I recently received some constructive feedback about Eagle Times reporter Glynis Hart’s article titled “Racial Healing Topic of MLK Day Event” (Jan. 22). I’m an active member of the Racial Healing Working Group (RHWG) who sponsored the event on MLK Day. I enjoy Ms. Hart’s writing, though the feedback I received about the article was from the perspective of a friend who identifies as a person of color (POC) for whom the article was difficult for several reasons. Members of the RHWG agreed with some of these observations and called themselves out. To make this commentary even more interesting, I had a very different perspective than either Ms. Hart or my friend who was disturbed by the article.
Ms. Hart highlighted Dr. McGoodwin’s message and award in her ET article, with which I felt comfortable. I especially liked the focus of Dr. McGoodwin’s story: before he began delving into understanding systemic racism and white supremacy, he would have thought the horrific incident in August 2017, when an 8-year-old biracial child was hung by the neck in a Claremont resident’s backyard, was an act of bullying. He now understands the act as an example of the systemic racism that pervades our relationships and institutions. This is an important take-away that illustrates the importance of whites educating ourselves to the on-going threat of racism, whether intentional or not, and applying that knowledge to make the necessary changes to end systemic racism. Dr. McGoodwin also said that when he spoke with the SAU 6 administration about addressing racism in the schools, there was push back due to the enormity of what is asked of administration and teachers in our school system. Dr. McGoodwin said that before he delved into understanding systemic racism, he would have said the same thing 18 months earlier.
My friend questioned why Dr. McGoodwin got an award for being a white guy who learned something about racism when they, my friend, lives the scourge of racism every day? Their experience, living racism, every day, creates an urgency and righteous indignation with white people giving white people awards for developing awareness about something they have been the victim of daily for all their lives. This is a profoundly different perspective, and one that brings home the importance of whites looking carefully at how racism is experienced by non-whites and the consequences of that for all of us.
As members of the RHWG, we strive to move forward with what we think is going to help end the pervasive scourge of racism. My friend’s sobering observation of the Racial Justice Champion award given to Dr. McGoodwin saddened me as I reflected on their experience. Group members continue to hear about racist hate speech targeting our students of color by their classmates on a regular basis. I have addressed the SAU 6 School Board and City Council at their past two joint meetings with the request that the criteria of the search committee for our next Superintendent of Schools include, in addition to being accomplished in his or her profession in shepherding our district to meet the educational needs of all our children, that he or she have the experience, skills, and commitment to address systemic racism within the school system. This is done by creating effective policies and practices in our schools to address these basic needs for all our children. We, as a community, need to raise the bar of justice and the welfare of all our children and adolescents to ask this of our next superintendent of schools.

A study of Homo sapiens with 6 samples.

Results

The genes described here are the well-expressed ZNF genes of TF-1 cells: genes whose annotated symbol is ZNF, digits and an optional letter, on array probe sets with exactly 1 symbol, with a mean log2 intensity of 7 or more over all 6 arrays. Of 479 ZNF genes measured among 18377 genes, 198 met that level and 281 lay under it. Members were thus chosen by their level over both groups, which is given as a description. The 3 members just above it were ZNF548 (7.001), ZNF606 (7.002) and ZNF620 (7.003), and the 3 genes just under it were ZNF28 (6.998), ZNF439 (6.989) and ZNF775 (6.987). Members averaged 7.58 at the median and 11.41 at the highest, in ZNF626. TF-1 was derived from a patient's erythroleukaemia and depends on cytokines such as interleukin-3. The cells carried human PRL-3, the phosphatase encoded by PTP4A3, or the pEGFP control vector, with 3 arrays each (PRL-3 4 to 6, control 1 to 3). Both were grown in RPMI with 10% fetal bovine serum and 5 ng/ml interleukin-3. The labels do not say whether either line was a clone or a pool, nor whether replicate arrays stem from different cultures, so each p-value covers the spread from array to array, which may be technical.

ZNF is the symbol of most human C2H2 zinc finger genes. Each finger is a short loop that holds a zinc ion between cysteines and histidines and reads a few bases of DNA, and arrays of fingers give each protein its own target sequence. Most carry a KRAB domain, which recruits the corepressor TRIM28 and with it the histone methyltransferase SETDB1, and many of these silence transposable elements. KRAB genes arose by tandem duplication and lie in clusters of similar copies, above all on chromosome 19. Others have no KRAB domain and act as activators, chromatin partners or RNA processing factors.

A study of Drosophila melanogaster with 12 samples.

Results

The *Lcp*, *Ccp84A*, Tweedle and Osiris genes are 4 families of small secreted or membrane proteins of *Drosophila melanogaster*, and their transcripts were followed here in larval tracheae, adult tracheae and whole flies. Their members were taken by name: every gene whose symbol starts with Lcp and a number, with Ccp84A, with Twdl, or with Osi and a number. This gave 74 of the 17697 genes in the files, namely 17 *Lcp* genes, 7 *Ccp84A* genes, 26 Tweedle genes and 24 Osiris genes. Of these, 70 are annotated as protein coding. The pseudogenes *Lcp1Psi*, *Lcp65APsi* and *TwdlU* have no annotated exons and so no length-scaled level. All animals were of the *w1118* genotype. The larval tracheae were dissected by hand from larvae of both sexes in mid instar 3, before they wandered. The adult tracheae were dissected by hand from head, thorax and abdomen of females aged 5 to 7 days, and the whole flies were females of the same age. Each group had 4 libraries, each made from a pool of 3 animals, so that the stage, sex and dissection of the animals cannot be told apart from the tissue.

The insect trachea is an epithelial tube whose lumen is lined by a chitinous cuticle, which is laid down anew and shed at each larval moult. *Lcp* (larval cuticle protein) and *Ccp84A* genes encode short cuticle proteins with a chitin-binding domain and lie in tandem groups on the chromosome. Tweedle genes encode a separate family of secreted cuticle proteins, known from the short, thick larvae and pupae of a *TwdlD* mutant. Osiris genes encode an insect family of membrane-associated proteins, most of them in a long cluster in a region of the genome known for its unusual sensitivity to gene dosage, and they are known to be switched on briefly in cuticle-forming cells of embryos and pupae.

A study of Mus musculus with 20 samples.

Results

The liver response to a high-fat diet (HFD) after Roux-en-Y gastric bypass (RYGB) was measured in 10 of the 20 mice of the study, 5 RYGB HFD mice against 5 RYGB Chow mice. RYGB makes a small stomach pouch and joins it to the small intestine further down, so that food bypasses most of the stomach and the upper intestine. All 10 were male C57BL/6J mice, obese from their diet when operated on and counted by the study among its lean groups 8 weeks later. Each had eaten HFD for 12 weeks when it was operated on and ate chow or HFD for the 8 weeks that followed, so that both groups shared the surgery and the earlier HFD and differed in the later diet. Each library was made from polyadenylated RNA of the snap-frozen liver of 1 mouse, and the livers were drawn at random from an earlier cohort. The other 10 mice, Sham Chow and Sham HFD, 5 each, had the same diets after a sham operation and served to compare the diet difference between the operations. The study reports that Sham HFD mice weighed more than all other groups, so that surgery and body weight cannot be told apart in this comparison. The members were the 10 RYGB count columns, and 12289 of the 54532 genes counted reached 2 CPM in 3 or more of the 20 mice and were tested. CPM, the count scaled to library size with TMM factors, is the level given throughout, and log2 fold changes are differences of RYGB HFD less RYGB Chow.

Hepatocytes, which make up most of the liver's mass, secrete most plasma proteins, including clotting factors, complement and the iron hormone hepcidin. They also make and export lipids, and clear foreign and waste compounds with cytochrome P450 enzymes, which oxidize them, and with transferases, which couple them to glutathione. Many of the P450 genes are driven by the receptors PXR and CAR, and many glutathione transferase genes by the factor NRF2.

One of the blessings of this friend’s participation is hearing about their experience that helps the RHWG to recommit to our mission of educating those who are unaware of how white supremacy and systemic racism infect our relationships and community and create a community dialogue that results in positive action that promote inclusion, equity, and justice for all. If systemic racism is to be overcome in our communities, we need people of color and parents of children of color to partner with us to help drive the necessary changes. Whites don’t know what whites don’t know about the lived experience of racism. It’s not just about protecting children of color, white children need to be educated about racial justice to make them courageous allies of their friends of color, too. We have also heard of youth who take on this challenge of protectively stepping up for their friends of color. This needs to be a norm in our school districts, not the exception. “Injustice anywhere is a threat to justice everywhere.” (said Dr. Martin Luther King, Jr.) and wherever there is injustice, there is despair deep in the souls of many. Let us make our communities safe for all our children and those who live in “the other America.”
Our RHWG is now transitioning to become more focused and informed through our growing connections to POC in our community. Please join us in moving forward with this commitment to deepen our understanding and connection to one another with the goal of racial justice. The RHWG looks forward to increasing our efficacy in addressing racism.
Please take the opportunity to see the youtube video, “The Other America,” a poignant example of the human misery created by racism in America that still exists. It is a magnificent example of Dr. King’s later ministry before he was murdered for his work as a leader in the civil rights movement. For more information about our upcoming meetings and events, please contact us through email@example.com.
Rebecca MacKenzie is a member of the Racial Healing Working Group of Claremont.